Economists are debating whether the US central bank will acknowledge President Donald Trump’s calls for lower interest rates to boost economic activity, or if the Fed will decide to continue its current course towards a normalisation of its monetary policies.
Kristian Rouz – American investment bank Goldman Sachs says it expects the Federal Reserve to end its monetary tightening cycle, and bring down base borrowing costs twice this year. The anticipated reversal in the US central bank’s policy course would spur economic growth and business activity, and would also fall in line with President Donald Trump’s previous calls for rate cuts.
During its policy meeting Wednesday, the Fed decided to keep rates unchanged for now, at the targeted range of 2.25-2.5 per cent. Yet, the central bank dropped the word ‘patient’ from the description of its approach to monetary policies – suggesting changes are possible soon.
Shortly after the meeting, Goldman experts released a research note saying the Fed will end its quantitative tightening policy in July. The analysts said financial markets have already priced in two Fed cuts this year, which could take place either in July and September or in September and December – depending on the performance of the US economy.
Other economists tend to agree with Goldman’s assessment, saying global trade tensions and structural issues in the US economy itself could require some accommodation on the monetary policy side.
“The Fed didn’t surprise investors with the decision to maintain rates, but the split vote tells us that a cut is on the way and it’s increasingly likely that it will be in July, as bond markets have been hoping”, Neil Birrell of the Chicago-based investment advisory Premier Asset Management said.
Economists still aren’t quite sure how deep the Fed’s possible rate cuts could be if such moves indeed take place.
The central bank has been tightening its policies since December 2015, lifting off base borrowing costs for commercial US banks from 0.00-0.25 per cent to 2.25-2.50 per cent, and cutting its holdings of commercial bonds.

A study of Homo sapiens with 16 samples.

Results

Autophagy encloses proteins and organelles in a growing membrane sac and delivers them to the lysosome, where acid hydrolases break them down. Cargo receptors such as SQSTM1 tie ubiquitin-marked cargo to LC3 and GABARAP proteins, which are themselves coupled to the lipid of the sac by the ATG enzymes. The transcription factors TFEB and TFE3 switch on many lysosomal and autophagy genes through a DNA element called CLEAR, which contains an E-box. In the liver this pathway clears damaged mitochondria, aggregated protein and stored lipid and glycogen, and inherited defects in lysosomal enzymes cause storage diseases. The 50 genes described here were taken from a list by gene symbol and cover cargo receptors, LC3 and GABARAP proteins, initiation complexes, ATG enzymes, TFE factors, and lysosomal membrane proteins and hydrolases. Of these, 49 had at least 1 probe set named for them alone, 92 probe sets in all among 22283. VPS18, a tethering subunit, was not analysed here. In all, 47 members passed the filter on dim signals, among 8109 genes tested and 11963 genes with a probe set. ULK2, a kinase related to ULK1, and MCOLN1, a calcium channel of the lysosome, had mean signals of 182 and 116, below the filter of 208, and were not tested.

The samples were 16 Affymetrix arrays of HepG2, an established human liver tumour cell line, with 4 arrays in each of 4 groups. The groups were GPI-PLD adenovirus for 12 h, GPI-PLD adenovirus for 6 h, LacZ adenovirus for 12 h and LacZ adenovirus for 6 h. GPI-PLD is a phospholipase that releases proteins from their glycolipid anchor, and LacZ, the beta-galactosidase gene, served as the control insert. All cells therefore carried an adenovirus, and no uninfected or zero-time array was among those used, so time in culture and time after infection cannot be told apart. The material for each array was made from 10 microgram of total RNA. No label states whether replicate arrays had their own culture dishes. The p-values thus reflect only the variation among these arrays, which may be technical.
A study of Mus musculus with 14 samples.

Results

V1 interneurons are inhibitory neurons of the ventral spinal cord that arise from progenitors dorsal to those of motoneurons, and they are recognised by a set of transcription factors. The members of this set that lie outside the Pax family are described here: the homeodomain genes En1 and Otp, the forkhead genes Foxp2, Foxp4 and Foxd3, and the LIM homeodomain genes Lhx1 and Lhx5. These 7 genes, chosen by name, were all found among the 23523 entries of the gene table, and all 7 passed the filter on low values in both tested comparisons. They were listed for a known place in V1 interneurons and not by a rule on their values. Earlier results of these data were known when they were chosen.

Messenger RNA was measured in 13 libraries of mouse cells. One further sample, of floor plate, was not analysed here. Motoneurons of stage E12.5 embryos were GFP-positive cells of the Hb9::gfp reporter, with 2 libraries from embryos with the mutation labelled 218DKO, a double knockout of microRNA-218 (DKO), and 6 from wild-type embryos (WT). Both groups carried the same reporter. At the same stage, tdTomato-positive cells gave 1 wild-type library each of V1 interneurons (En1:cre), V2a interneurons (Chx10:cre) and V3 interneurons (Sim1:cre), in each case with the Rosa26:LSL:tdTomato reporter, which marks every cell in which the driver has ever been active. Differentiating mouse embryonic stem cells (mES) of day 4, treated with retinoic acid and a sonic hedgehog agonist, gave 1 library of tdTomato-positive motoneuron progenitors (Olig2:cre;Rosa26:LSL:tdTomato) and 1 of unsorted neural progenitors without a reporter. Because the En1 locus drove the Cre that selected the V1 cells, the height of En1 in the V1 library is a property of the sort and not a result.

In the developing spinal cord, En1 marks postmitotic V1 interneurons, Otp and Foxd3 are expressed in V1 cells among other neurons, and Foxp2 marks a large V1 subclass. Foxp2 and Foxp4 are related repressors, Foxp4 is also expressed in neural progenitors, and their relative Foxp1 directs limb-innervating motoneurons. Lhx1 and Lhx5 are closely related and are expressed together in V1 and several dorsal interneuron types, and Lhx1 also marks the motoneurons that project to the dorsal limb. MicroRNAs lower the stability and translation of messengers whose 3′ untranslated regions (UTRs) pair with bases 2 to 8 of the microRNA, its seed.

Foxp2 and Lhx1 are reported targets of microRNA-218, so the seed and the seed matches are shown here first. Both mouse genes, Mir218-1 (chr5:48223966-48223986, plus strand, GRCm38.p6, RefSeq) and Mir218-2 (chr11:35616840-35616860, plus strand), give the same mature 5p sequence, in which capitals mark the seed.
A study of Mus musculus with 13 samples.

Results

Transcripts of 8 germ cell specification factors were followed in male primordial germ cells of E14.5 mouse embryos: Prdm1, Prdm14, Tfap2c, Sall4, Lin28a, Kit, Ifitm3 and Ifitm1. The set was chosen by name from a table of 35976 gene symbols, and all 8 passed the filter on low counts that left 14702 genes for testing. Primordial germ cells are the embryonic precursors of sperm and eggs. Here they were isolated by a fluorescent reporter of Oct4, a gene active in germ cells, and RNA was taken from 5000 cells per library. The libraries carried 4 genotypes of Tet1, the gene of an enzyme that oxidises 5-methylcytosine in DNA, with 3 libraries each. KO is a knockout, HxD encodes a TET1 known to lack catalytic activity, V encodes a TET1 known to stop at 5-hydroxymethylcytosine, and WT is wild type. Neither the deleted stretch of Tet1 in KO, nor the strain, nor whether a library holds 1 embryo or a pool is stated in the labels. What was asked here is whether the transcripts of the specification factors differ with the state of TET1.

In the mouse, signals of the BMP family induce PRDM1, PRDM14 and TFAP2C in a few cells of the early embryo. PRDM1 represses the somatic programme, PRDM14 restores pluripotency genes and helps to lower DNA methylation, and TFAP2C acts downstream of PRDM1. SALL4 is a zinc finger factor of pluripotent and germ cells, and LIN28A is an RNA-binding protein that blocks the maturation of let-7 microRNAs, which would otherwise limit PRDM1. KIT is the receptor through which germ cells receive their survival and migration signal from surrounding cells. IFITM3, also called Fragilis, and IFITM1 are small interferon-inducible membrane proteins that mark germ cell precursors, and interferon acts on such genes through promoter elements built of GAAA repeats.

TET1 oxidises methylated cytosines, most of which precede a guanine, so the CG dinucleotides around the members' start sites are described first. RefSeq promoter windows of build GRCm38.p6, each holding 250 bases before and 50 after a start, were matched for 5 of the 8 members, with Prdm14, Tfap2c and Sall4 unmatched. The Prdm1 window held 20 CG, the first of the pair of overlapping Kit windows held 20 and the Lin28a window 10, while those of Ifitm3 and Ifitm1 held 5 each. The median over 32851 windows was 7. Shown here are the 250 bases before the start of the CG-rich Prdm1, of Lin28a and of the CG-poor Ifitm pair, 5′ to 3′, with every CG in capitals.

“The bond market is already discounting a 32 basis point rate cut at the July meeting, and if expectations continue to creep toward 50 basis points”, Goldman economists wrote.
Many economists have said Fed rates are still in accommodative territory, as the so-called ‘neutral rate’ – the level of borrowing costs that neither supports nor hinders the pace of GDP growth – is around 3 per cent in the present-day US economy.
Over the past few months, economists have debated whether Fed rates would go above the ‘neutral’ level, and how soon that would happen.
Trump intervened earlier this year, saying the Fed’s rates are ‘too high’, and are holding back US economic growth. Trump has repeatedly called for the rates to go down to boost business activity and improve public perception of the economy.
Fed Chair Jerome Powell appears to have heard Trump’s calls, but central bankers are also concerned the disruptions in global trade could hurt US economy – and the rates would have to go down to make up for the GDP percentage points lost to international turmoil.
Goldman experts say the Fed could cut rates by as much as 0.5 per cent at once – as opposed to the previous hikes, which never exceeded 0.25-percent each.
“The FOMC might well deliver a 50 basis point cut for fear of disappointing the market, even if the economic data does not paint a particularly worrisome picture”, Goldman analysts wrote.
Yet, economists also say the Fed may not cut its rates after all.
In its own statement, the Fed said US inflation is still underperforming and slashed its outlook on price growth this year to 1.5 per cent from the 1.8 per cent expected previously. The Fed’s inflation target is set at 2 per cent, and lower interest rates could help achieve that goal.
The Fed also said the degree of global economic uncertainty has increased over the past few months. Officials said, however, that the US economy is set to expand at a solid and sustainable pace this year and the central bank will “act as appropriate to sustain the expansion”.